NEW DELHI: With Democrat Joe Biden virtually clinching the US presidential election, hopes have been raised for the Thirty Meter Telescope (TMT) in Hawaii. India is one of the partners in the ambitious next-generation observatory project along with the US, Canada, China and Japan.
The TMT project, despite being on high priority of the Barack Obama administration during 2009-17, could not take off during the Donald Trump presidency due to massive protests against its proposed site at Maunakea in Hawaii, which is considered sacred to the island’s indigenous people.
The project, conceived as the world’s most advanced and capable ground-based optical, near-infrared, and midinfrared observatory, will allow astronomers to see deeper into space and observe cosmic objects with unprecedented sensitivity with images being more than 12 times sharper than those from the Nasa’s Hubble Space Telescope.
“The project will allow astronomers to see deeper into space and observe cosmic objects with unprecedented sensitivity”
India is to contribute 10% of the $2 billion project. Though the partner countries, amid ongoing protests in Hawaii against the project, have zeroed in on alternative sites in Spain’s Canary Islands, scientists believe that the proposed site at Maunakea is the best suited for the TMT due to its location. Besides the Canary Islands site, astronomers had initially also discussed alternative sites in Mexico and India (Ladakh).
“Maunakea is, however, the best site. It’s far better than the alternative site in the Canary Islands. It is decided that if the US won’t be able to carry on with this in Hawaii, the TMT project would be shifted to the Canary Islands,” said Eswar Reddy, astronomer at Indian Institute of Astrophyiscs, Bengaluru and programme director of the TMT-India project. Reddy told TOI on Sunday that several off-site works on the project were going on in all the five countries.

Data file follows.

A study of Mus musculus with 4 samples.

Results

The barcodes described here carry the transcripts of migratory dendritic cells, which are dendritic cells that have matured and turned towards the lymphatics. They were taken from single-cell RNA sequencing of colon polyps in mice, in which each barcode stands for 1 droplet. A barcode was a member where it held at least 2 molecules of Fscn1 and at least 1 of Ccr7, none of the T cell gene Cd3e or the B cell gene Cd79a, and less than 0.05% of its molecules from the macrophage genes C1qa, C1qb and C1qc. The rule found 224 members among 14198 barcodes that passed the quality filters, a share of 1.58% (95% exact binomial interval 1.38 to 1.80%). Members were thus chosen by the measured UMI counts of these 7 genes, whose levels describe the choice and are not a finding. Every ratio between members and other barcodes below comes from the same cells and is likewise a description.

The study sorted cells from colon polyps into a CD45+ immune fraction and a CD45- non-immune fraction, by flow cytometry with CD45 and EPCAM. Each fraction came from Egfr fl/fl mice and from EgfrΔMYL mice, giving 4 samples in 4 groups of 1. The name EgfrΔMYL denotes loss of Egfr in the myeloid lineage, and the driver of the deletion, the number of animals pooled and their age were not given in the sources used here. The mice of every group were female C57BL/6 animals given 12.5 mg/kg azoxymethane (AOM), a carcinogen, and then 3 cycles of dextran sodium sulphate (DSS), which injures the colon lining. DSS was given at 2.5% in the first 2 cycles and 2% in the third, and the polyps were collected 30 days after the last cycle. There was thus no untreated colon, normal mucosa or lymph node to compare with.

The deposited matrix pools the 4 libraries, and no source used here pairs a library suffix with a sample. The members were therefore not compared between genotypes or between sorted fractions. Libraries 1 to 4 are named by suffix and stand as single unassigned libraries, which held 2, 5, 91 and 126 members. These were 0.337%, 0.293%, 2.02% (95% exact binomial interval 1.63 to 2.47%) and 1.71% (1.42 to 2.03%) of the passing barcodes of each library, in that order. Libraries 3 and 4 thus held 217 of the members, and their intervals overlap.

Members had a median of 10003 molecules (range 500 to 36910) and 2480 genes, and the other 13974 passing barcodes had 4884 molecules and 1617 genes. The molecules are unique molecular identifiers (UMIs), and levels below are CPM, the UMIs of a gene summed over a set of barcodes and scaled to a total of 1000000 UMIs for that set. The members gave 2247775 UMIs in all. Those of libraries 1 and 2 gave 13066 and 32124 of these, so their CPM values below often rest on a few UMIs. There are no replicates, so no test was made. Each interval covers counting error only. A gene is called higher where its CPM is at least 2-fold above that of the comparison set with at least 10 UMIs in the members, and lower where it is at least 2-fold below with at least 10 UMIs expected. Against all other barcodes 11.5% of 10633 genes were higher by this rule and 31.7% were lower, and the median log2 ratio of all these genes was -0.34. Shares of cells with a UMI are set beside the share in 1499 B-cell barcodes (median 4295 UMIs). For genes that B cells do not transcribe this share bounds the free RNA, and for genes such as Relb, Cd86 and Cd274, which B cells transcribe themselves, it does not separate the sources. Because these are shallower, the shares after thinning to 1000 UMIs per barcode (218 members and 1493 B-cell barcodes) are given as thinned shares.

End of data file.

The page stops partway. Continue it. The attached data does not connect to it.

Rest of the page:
“We have all legal permits and building permits in Hawaii. The project is, however, delayed due to local protests. We hope it will take off mid-next year. It will take nearly 8-10 years to be fully functional,” he said.
“India is one of the partners in the ambitious next-generation observatory project. India will contribute 10% of the $2 billion project.”
It is believed that the fate of the project would be known early next year when the new US administration finalises its priority in terms of funding. India has been quite serious about this project, considering its spin off and co-benefits in various strategic sectors such as space and defence through use of new technologies. India is expected to contribute 83 of total 492 segmented mirrors for the project. These segments, while precisely aligned, will work as a single reflective surface of 30m diameter.
“The TMT can revolutionise the understanding of the universe and the enigmas in it. It is expected to provide facilities with even greater capabilities to gather the observations needed to answer new and emerging questions in astronomy and physics in general,” said Shashi Bhushan Pandey, scientist at Aryabhatta Research Institute of Observational Sciences, Nainital.
Indian astronomers, including Pandey, have collaborated with 2020 Physics Nobel laureate Andrea Ghez on the TMT project and closely worked on the design of backend instruments and possible science prospects. Ghez was part of the team working towards evaluating possible front-line science cases and instrumentation for TMT utilising associated cutting-edge technologies like adaptive optics.